U.S. science policy needs to heed global realities
I have just returned from Singapore
and Shanghai, where I visited life science
research sites at universities, hospitals, pharmaceutical companies and Singapore’s
Biopolis. These institutions, and the government support behind them, invite
complex reflections on the situation in the United States.
States is home to academic, commercial and
government research institutions that remain the envy of the world. The total U.S. investment
in research is very large compared with other countries. For example, the National
Institutes of Health budget exceeds $29 billion; the National Science
Foundation budget is more than $6 billion. Moreover, the United States
has a strong tradition of philanthropy for biomedical research by universities
and hospitals, and a venture capital community that helps move research into
the commercial arena.
In addition, U.S.–based life science–related industries have
very large investments in research and development. U.S. universities and hospitals are
among world leaders in papers, citations and patents. In aggregate, the United States
has the greatest laboratory infrastructure and intellectual critical mass in
the sciences and engineering in the world.
Why then a feeling of disquiet on returning home?
A major difference between the United
States and Singapore
is the rapid growth rates in these countries, inspiring optimism. In all Singapore’s
science sectors, and especially Shanghai’s industrial sector, there is a
palpable sense that infrastructure and funding will be available, and that what
is limiting are talented people and ideas. Such people are being actively
recruited as governments attempt to build modern knowledge-based economies.
A marker of the sense of scientific opportunity in Singapore
and China is the migration of mid-career scientists from the United States, England
and Australia to Singapore, and the return of talented Chinese scientists who
had been educated in the United States to permanent research positions in China.
Their return resulted from the perception of greater opportunity.
In The World is Flat, Thomas L. Friedman describes
globalization based in part on the growing ability of information and capital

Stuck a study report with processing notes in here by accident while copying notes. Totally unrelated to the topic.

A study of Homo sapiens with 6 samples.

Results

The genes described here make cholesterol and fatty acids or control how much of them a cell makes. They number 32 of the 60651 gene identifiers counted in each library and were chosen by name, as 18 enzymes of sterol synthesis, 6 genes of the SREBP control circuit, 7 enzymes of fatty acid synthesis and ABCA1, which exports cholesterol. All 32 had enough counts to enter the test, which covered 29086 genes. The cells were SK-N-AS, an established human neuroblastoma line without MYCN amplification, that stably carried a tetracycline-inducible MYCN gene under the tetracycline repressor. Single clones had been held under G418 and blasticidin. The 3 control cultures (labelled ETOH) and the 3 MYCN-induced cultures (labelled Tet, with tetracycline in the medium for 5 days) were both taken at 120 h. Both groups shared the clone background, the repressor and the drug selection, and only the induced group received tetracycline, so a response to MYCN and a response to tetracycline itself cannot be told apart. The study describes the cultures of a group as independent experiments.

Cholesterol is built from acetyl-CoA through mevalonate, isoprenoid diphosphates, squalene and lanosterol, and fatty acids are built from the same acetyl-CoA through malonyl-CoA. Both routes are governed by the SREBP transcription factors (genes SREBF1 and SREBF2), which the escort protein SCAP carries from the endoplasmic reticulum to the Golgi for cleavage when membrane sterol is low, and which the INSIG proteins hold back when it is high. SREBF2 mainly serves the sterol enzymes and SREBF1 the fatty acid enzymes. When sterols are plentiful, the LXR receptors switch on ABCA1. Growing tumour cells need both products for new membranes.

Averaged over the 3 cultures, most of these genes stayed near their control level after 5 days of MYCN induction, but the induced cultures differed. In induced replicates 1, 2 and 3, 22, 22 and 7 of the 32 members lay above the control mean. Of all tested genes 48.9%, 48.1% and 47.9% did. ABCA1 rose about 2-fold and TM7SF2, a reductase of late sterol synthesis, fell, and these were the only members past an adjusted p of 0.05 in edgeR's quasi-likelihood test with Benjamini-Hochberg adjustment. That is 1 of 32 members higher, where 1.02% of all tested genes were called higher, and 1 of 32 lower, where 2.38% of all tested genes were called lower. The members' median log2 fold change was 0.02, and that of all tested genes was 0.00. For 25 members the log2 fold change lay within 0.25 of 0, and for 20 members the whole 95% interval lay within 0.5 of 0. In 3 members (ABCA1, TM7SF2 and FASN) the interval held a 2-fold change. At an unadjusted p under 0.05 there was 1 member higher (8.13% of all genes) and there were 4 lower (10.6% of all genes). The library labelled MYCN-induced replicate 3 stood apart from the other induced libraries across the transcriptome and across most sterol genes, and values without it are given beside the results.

to move freely across the world. Human beings seeking opportunity are clearly
not as free to move about the globe as money seeking investments. Humans are
sticky. They are connected to communities; they may have working spouses and
children well ensconced in schools. Still, many scientists will uproot
themselves based on the availability of infrastructure, intellectual
communities, funding and freedom to do the work for which they were trained. Singapore
and China provide these ingredients to attract talented individuals.
I am an internationalist; I very much want to see science
thrive wherever it may and for its benefits to be spread to all populations. At
the same time, I live in the United States and am concerned about our ability
to generate knowledge, new treatments and good jobs in a “flat” world that
appreciates the advantages created by the conjunction of universities,
hospitals and industry with a growing research infrastructure.
Is the problem for the United States simply that its
scientific and engineering research enterprises are large and mature, making
growth and change difficult? From my vantage, having directed an NIH institute
(NIMH, 1996–2001) and now serving as provost of a large research university, I
do not believe that the U.S. scientific enterprise has reached an
asymptote—rather that it is suffering from shortsighted public policy. In recent
years a relatively flat NIH budget has lost buying power against inflation. It
remains difficult for graduate students and scientists from abroad to obtain
visas to study or work in the United
States. Limits on federal funding of stem
cell research represent high financial and administrative hurdles to a
promising avenue of discovery, and create just the sort of barrier that causes
important research to move offshore.
Of course, the federal budget deficit is deep, and the
country has many claims on its tax revenues. No one doubts the need for
security measures at the border, and my concerns about limits on stem cell
research are not a call for an ethical free-for-all. That said, it is much to
be hoped that the next president of the United States will recognize the
benefits of a healthy scientific enterprise. Ideally the new administration
will craft policies to produce steady growth in federal research budgets, more
welcoming immigration policies for foreign scientists and respect for science.
Without such policies, many of our most talented students will gravitate to
endeavors other than science, and Americans will increasingly read of
breakthroughs coming from other shores.
Steven Hyman is provost at Harvard University and former
director of the National Institute of Mental Health.